Illustration of shepherds watching star in distance

Jeffery Edwards | Shutterstock

Cecilia Pigg - published on 12/19/23

By adding a psalm to each day, you can introduce an extra shot of scripture and reflection to have moving through your heart.

That being said, I do want to make sure I’m doing something intentional and extra these last few days of Advent to prepare His birth. Here is my goal: Add a psalm to each day. This will hopefully introduce an extra shot of Scripture and reflection that I can have moving through my heart during these last-minute times of preparation and anticipation.

Here are a few ways to add at least one psalm into your day.


Pray Morning Prayer or Evening Prayer from the Liturgy of the Hours. I currently pray some of the Liturgy of the Hours each day, which has introduced me to the lifegiving nature of the psalms. If you are not familiar with how to pray these prayers, try listening to them prayed at On that site, you just choose from the menu whether you would like to recite Morning or Evening prayer (or one of the other hours), and then there is an option to listen to the prayers for the day at the top of the page.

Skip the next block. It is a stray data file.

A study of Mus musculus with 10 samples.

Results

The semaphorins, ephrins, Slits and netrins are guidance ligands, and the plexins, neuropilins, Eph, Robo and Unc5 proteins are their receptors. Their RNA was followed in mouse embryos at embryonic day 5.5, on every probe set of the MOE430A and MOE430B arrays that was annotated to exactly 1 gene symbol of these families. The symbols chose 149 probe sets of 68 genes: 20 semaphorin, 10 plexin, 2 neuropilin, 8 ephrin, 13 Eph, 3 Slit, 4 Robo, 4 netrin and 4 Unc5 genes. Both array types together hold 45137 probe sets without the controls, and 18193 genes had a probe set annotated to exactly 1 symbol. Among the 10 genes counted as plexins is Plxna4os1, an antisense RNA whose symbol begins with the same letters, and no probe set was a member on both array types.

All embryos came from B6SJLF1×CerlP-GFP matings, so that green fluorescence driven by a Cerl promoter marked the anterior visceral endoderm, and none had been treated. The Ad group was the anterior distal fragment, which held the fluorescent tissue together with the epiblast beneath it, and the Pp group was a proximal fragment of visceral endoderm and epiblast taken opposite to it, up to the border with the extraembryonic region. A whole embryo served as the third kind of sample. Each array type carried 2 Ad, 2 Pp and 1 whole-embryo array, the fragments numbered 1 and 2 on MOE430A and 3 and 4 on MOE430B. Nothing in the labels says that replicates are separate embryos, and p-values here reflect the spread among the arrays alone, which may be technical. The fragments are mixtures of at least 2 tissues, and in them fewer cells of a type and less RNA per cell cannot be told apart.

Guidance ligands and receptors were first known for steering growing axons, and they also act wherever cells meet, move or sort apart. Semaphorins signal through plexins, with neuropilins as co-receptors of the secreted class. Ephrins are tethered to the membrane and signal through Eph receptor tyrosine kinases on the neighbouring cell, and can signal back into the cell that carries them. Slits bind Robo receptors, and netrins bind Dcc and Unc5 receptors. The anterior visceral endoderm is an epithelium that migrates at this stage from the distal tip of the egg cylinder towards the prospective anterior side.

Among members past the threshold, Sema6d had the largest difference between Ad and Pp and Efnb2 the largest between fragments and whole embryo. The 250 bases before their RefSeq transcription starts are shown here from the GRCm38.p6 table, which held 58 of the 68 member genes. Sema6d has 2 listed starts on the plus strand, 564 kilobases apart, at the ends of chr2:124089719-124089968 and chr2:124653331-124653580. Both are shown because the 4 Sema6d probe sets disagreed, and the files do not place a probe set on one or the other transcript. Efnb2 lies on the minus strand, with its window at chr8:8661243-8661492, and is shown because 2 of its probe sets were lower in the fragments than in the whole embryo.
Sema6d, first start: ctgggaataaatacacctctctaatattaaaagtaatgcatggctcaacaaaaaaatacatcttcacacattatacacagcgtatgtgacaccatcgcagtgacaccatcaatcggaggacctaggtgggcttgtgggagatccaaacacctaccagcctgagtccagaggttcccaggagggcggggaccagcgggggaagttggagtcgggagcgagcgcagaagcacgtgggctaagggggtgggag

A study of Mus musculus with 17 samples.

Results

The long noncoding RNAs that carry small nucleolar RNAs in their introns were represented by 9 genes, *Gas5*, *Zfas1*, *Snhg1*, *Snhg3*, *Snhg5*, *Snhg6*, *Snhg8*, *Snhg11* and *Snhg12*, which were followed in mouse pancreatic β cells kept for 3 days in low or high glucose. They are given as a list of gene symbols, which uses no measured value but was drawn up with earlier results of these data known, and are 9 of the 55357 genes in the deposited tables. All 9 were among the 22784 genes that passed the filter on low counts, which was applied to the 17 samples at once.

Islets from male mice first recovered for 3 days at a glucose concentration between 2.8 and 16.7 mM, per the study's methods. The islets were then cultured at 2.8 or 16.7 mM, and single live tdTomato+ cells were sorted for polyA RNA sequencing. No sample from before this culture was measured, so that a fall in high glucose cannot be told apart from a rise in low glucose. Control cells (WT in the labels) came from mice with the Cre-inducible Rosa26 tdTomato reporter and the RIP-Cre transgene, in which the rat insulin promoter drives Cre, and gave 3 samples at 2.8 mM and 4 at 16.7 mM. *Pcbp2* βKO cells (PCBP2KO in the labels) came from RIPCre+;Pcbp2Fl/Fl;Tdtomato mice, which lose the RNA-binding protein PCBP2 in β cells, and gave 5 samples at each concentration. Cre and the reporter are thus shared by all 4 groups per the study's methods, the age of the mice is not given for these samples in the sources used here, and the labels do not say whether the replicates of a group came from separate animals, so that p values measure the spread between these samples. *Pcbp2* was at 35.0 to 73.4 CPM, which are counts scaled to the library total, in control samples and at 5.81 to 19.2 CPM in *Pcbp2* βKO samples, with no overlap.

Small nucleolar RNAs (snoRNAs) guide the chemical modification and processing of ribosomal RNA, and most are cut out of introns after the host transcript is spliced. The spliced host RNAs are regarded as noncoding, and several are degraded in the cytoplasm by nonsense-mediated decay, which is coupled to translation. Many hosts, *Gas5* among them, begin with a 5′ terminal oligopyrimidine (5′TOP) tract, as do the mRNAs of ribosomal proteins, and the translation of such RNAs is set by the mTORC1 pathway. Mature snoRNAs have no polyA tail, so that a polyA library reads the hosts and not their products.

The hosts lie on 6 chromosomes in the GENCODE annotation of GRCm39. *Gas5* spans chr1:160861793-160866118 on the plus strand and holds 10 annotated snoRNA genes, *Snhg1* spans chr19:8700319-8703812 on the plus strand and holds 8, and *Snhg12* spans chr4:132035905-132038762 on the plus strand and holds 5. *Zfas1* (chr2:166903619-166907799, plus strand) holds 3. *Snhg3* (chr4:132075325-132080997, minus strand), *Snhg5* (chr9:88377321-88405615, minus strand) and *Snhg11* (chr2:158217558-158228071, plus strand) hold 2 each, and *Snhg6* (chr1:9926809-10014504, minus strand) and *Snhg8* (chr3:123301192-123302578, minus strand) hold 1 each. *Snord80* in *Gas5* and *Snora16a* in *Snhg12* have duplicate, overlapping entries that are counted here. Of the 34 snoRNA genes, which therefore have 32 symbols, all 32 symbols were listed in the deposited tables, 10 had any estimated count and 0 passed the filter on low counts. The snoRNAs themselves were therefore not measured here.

If you try Evening Prayer, pay attention from December 17 through December 23. The antiphons before and after the Magnificat are special — they are called the O Antiphons; they have a rich history and are very beautiful.


Recite Psalm 95 every morning while you wait for your coffee to cool or between the last time you hit the snooze button right before you commit to getting out of bed. This psalm is the first one prayed in the day for the Liturgy of the Hours and is a wonderful way to begin the morning anew by praising God and remembering His faithfulness and presence.

This psalm will set the tone for your day, and the verse “Do not grow stubborn like your fathers did in the wilderness, […] when they challenged me and provoked me, although they had seen all my works” always gives me a nice kick and reminder to live my day in gratitude to God rather than clinging to my agenda.


Use the site EveryPsalm to incorporate one psalm into the mundane parts of your day. I recently discovered this ministry and enjoy the psalm-based songs they produce. This husband-and-wife team (called Poor Bishop Hooper) set some or all of one psalm each week to music for three years in order to sing every psalm there is. I like to listen to one while I do dishes and would love to incorporate it into a commute or other time in the car.

You can listen on Spotify or YouTube as well. There are many, so instead of just playing roulette with YouTube, I have looked up which psalm was used during the readings at Mass for the day as a way to choose which psalm to listen to and reflect on.